The integration of EU member defense institutions will improve security across Europe, but can only be accomplished through doctrinalization and subsidization from within. With effective consensus between European partners, a robust subsidy regime will likely follow. But it must move quickly. Europe’s ability to depend on its transatlantic partner has not faced this much uncertainty since 1939. The only certainty: Russia is watching and biding its time. To secure itself against this eastern threat, Europe must push forward its defense development with or without NATO.
Of course, efforts for security cooperation are not new. European Battle Groups were proposed as early as 1999 to encourage joint operations between EU states. However, this program only became operational in 2007 and has faced a number of challenges since its inception, such as an insurmountable bureaucratic process and lack of political will to subject domestic units to a multinational chain of command. Since their operationalization, Battle Groups have not seen combat. An additional challenge to European security integration: the loss of the United Kingdom, and its substantial military capacity, has given Theresa May greater political latitude to refuse surrendering Britain’s operational control to a multinational chain of command, if she so desires.
Brexit also presents a unique opportunity for Europe to deepen its security integration. The United Kingdom has consistently opposed proposals for European defense cooperation. In the months since the Brexit vote, key European policymakers were freed from British obstruction and pushed forward a broad spending spree to foster joint cooperation and increase access to military technologies. Federica Mogherini, High Representative of the Union for Foreign Affairs and Security Policy, has been the major proponent of this push on defense. But she has not acted alone.
NATO’s brittle force structure in Europe is a remnant of Obama-era austerity measures that saw a drawdown of U.S. forces across the globe. While NATO support does not appear to be faltering, there remain uncertainties surrounding U.S. commitment to European security. Paired with a sudden freedom from British obstruction, Europe must seize this opportunity to improve its material posture against Russia, and foster a culture of cooperation and consensus between European militaries. Now is the time to develop a permanent and doctrinal European force structure, and to move beyond the ad-hoc nature of Battle Groups.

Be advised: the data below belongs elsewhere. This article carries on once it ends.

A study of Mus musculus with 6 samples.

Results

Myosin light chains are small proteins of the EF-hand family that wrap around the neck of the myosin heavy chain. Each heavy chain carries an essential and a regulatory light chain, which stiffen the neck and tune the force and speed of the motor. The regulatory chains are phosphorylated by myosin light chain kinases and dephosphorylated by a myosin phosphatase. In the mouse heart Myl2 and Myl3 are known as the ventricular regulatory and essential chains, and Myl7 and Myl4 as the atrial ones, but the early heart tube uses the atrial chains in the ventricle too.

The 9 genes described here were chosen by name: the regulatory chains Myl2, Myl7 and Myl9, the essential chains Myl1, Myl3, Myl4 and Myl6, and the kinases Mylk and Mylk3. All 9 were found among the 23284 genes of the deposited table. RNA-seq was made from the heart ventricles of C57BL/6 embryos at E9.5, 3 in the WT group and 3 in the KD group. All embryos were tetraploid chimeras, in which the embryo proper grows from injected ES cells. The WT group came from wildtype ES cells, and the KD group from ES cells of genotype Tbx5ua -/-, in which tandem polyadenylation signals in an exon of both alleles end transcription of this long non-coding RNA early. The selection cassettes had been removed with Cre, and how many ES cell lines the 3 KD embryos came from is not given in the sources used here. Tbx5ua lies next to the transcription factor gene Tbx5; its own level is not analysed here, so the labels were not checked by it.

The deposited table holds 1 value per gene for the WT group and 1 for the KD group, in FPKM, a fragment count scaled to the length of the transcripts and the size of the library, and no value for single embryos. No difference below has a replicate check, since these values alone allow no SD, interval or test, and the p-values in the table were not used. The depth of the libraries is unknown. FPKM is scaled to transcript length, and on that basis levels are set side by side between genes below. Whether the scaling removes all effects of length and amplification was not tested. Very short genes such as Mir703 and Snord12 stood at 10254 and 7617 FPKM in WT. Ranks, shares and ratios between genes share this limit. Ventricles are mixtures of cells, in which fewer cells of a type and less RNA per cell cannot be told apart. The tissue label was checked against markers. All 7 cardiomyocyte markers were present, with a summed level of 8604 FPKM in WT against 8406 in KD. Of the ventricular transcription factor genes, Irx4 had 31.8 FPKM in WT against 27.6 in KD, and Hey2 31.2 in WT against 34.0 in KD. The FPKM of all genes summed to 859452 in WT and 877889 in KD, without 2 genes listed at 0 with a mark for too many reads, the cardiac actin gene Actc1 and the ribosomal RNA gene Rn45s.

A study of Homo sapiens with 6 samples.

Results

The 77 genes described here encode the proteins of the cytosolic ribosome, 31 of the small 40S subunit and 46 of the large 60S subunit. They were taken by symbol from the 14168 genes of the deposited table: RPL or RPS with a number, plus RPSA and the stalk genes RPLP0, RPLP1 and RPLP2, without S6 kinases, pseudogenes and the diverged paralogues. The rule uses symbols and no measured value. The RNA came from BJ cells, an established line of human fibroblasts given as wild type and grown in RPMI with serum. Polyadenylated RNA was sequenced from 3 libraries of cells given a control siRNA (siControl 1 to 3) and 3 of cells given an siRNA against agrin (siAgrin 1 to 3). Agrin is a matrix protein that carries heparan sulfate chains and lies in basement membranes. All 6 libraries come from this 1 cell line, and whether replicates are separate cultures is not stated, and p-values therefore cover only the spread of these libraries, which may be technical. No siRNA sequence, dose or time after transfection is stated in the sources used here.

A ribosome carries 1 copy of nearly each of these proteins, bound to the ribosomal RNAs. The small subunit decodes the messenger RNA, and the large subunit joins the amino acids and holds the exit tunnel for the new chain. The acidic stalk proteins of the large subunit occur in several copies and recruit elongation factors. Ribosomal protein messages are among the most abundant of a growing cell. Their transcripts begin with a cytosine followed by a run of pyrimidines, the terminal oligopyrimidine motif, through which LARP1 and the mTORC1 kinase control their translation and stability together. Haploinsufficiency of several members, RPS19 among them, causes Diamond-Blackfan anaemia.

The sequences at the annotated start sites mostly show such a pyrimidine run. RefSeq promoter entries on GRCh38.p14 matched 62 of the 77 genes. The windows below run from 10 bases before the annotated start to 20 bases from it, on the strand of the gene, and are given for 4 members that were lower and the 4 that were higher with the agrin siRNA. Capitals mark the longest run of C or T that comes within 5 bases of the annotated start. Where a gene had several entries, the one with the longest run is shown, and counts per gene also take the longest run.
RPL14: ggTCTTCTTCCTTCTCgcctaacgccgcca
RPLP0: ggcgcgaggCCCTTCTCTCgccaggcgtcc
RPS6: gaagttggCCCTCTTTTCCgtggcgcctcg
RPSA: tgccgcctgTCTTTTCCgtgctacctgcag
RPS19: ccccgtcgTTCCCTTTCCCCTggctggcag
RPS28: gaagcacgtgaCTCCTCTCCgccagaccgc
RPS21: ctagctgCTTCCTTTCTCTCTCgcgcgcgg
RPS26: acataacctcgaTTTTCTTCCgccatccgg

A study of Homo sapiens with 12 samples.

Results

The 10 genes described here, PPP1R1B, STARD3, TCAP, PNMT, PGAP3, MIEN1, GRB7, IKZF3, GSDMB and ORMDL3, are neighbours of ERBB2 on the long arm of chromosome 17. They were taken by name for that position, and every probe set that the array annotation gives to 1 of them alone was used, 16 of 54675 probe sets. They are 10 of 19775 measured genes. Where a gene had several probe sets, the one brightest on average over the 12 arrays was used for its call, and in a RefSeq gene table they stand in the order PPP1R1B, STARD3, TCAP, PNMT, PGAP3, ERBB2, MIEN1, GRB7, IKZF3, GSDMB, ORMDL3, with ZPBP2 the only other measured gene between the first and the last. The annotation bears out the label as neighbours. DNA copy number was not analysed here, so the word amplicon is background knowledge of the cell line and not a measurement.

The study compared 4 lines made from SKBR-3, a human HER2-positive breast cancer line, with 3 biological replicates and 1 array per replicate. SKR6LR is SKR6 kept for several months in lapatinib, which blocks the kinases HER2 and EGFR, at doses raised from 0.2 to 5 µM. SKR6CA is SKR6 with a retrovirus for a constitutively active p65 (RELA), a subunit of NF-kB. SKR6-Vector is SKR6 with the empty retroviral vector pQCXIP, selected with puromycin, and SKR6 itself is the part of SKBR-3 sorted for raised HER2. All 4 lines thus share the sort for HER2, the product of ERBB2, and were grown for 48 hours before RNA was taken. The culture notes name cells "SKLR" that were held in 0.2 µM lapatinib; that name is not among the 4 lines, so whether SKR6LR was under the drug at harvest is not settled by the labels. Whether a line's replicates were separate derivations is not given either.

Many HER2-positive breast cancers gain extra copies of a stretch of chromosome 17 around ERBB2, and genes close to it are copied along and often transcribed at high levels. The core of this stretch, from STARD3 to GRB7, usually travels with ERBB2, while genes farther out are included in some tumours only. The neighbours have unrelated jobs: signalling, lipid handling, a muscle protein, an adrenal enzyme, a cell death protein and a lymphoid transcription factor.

Independent European action on security will alleviate tensions felt around America’s role in Europe - tensions that are felt on both sides of the Atlantic. These tensions, however, are short-term in nature - based somewhat in European skepticism over NATO pressures to increase national defense expenditures. Continued European integration does not supplant NATO’s role as a political institution, however. If anything, it will build new energy around NATO’s stated intent to build an effective deterrent model to prevent further Russian aggression in Eastern Europe. This policy would accomplish an important strategic challenge that the United States has faced since Russia annexed the Crimean peninsula. The only way to accomplish this goal, however, is through EU defense subsidies.
For an example on the effectiveness of fiscal incentives, just look at American aid regimes during the Afghanistan War. In 2006, when it became clear the United States would not achieve a quick victory, it began seeking NATO support in the form of troops and materiel. This policy of multilateralism, however, met with opposition in the public opinion of many European states. To diffuse public opinion challenges and overcome policymakers’ skepticism, the United States employed a wide-ranging foreign aid regime to horse-trade for allied support. States like France and Germany, who had no need of American aid, answered America’s call but attached significant national caveats, or limitations on how their forces might be used.
Europe’s situation today is comparable but not entirely synonymous with America in Afghanistan. First, its security challenges are defensive in nature. Additionally, the states who attached national caveats in Afghanistan are now operating with some consensus on defense. As in the past, European integration depends on Franco-German cooperation. To that effect, French President Macron and German Chancellor Merkel have evidenced a compact over security integration and autonomy and appear to be the willing paymasters of a European-led defense architecture.
Continued and expanded subsidies are a necessary first step to establishing a pan-European consensus on defense policy. By providing financial incentives for EU members states - especially those furthest from meeting NATO’s recommended defense expenditure - to develop interoperable military standards and invest in similar technologies, the subsidy regime will enable security policymakers to gradually move toward operational and autonomous European security in the form of multinational units with quick-reaction capabilities. This force, which may operate independently of NATO but does not reduce the institution’s importance in building transatlantic security consensus, will ensure continued European security in the face of threats from its Eastern flank.